Austar's $13 million takeover bid for eisa has stalled following an announcement from regional TV network WIN that it was overlooked as a bidder for the struggling ISP.
Five key creditors - Telstra, C&W Optus, New Skies, Primus and KPMG, representing 90 per cent of eisa's $6.6 million debt - met last Thursday to decide the outcome of the pay TV and Internet service group's offer.
Before the meeting, Andrew Love, of eisa administrator Ferrier Hodgson, said he was "reasonably confident" the deal would go ahead and he would certainly be advising creditors to take it. "There are compelling reasons why the transaction should go ahead; there are no other deals on the table and the alternative will inevitably result in a receivership."
Austar is eisa's only secured creditor on a $7.5 million loan, which entitles it to a large piece of the ISP's remaining assets. These include its 80,000-strong retail subscriber list, as well as infrastructure, software and physical assets.
WIN has announced that the Austar deal was not the only offer on the table. John Rushton, WIN chief executive, said Ferrier Hodgson blatantly ignored the TV network's expressions of interest in eisa's regional operations by refusing to return phone calls and faxes. "We are interested in looking at the various aspects of eisa, discussing the pricing, and then deciding whether to make a bid; but so far we haven't be able to make contact," Rushton said. It was only after an article in the Australian Financial Review last Thursday detailing the brush-off that Ferrier Hodgson finally returned WIN's calls, and the Austar deal came to a grinding halt.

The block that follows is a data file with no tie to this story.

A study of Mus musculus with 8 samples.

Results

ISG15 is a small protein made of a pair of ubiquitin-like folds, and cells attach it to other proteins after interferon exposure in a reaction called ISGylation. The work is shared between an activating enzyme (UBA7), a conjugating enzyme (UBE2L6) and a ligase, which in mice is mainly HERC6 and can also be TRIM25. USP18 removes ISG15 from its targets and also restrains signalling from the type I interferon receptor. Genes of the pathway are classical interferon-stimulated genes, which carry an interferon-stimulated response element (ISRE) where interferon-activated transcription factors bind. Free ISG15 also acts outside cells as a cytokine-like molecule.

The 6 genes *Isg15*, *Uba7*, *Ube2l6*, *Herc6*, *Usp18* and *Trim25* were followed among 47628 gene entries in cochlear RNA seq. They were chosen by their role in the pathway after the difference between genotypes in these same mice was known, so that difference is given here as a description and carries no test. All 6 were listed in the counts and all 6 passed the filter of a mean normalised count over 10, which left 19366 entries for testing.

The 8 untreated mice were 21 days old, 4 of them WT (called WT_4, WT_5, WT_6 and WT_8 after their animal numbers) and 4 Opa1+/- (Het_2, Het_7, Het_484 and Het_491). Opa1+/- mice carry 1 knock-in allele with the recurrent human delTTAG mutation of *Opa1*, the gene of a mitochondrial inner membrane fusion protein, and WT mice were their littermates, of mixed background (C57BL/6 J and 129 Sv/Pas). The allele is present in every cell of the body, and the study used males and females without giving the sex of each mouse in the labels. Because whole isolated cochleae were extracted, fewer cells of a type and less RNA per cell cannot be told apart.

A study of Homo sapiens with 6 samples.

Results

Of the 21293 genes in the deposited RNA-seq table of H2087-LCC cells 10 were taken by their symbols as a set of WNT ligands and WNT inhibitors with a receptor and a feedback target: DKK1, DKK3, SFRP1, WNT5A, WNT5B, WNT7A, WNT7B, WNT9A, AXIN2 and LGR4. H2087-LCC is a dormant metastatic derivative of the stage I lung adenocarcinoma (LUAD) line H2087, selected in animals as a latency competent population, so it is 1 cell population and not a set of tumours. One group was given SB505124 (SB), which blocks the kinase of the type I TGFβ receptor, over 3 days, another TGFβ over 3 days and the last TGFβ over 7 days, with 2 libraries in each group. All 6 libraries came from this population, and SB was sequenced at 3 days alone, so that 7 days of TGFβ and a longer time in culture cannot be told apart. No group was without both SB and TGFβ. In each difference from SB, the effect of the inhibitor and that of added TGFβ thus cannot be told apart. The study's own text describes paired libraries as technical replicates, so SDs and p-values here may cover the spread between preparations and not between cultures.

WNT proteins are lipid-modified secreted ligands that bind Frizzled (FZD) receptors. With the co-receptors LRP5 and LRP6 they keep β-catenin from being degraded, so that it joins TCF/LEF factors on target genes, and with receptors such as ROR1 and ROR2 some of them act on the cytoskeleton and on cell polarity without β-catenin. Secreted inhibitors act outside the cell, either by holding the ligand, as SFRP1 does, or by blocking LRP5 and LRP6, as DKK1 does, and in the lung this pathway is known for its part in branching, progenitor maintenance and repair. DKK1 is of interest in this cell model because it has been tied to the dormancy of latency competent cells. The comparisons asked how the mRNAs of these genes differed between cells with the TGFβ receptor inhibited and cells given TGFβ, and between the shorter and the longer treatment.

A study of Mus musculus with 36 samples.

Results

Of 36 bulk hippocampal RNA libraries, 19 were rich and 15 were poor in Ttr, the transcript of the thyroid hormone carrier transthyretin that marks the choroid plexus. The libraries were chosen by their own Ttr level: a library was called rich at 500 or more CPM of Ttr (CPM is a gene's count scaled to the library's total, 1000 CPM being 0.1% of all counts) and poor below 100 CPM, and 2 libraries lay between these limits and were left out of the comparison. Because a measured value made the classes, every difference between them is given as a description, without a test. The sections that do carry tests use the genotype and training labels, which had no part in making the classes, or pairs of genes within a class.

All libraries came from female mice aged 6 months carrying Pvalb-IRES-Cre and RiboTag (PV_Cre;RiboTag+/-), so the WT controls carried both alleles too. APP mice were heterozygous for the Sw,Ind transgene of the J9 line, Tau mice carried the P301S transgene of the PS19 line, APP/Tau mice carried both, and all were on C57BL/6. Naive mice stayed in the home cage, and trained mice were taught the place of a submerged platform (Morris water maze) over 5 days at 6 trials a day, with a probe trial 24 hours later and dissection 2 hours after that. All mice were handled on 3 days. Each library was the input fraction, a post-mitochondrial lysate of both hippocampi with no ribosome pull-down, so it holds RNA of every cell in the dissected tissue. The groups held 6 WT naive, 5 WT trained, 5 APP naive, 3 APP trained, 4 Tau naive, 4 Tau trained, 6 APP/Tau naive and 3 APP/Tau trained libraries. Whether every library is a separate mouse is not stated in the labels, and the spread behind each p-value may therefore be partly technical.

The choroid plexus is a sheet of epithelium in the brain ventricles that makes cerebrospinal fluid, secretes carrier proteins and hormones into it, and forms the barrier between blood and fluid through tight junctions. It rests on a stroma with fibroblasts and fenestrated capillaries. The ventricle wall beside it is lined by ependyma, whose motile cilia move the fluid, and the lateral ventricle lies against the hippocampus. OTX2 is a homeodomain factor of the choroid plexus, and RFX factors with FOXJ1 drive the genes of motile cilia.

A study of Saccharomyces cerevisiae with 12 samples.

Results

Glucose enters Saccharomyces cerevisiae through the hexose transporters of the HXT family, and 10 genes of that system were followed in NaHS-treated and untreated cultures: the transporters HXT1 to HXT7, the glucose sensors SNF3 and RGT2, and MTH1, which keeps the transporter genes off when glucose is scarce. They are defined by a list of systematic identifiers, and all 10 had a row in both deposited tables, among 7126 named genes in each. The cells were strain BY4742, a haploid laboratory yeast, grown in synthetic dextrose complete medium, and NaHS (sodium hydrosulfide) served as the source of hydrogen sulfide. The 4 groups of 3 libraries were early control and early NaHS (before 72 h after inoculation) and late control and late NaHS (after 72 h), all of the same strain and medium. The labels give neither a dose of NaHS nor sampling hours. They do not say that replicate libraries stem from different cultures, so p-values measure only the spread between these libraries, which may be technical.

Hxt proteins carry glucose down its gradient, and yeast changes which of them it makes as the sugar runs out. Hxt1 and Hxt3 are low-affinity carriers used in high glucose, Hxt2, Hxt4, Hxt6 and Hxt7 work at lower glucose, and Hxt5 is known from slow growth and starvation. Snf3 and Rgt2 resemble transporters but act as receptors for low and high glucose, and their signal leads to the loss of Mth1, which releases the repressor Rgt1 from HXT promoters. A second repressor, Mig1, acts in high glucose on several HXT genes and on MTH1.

At the time, Rushton was hopeful that eisa's assets were still open for perusal. "We have our ISP operation WIN Net, which we do in conjunction with OzEmail, so we're looking for anything left of eisa that will fit with our existing operation or let us expand further into the field," he said.
In the meantime, Austar is providing the funds to keep eisa afloat, Telstra and Optus will continue to supply data services, and there have been no staff cuts.
Ferrier Hodgson's Love said the latest eisa figures showed a monthly loss of $500,000 to $600,000, a significant change from its previous plummet of $2 million. However, even if the Austar takeover goes ahead, there is no guarantee that any of the creditors will recover their funds. Love predicts a 45 to 60 per cent return and has confirmed there will be nothing left over for shareholders.
If the committee agrees to accept Austar's takeover bid, Ferrier Hodgson will approach the courts for approval and the deal will be finalised, along with the investigation into eisa's affairs, by mid-October.
With the current offering at $13 million rather than the originally proposed $24.4 million, eisa's elusive founder and major shareholder, Johnson Wang, will be forced into bankruptcy court. Eisa is also pursuing former chief executive Damien Brady through the courts for an alleged $230,000 in expenses he allegedly squandered.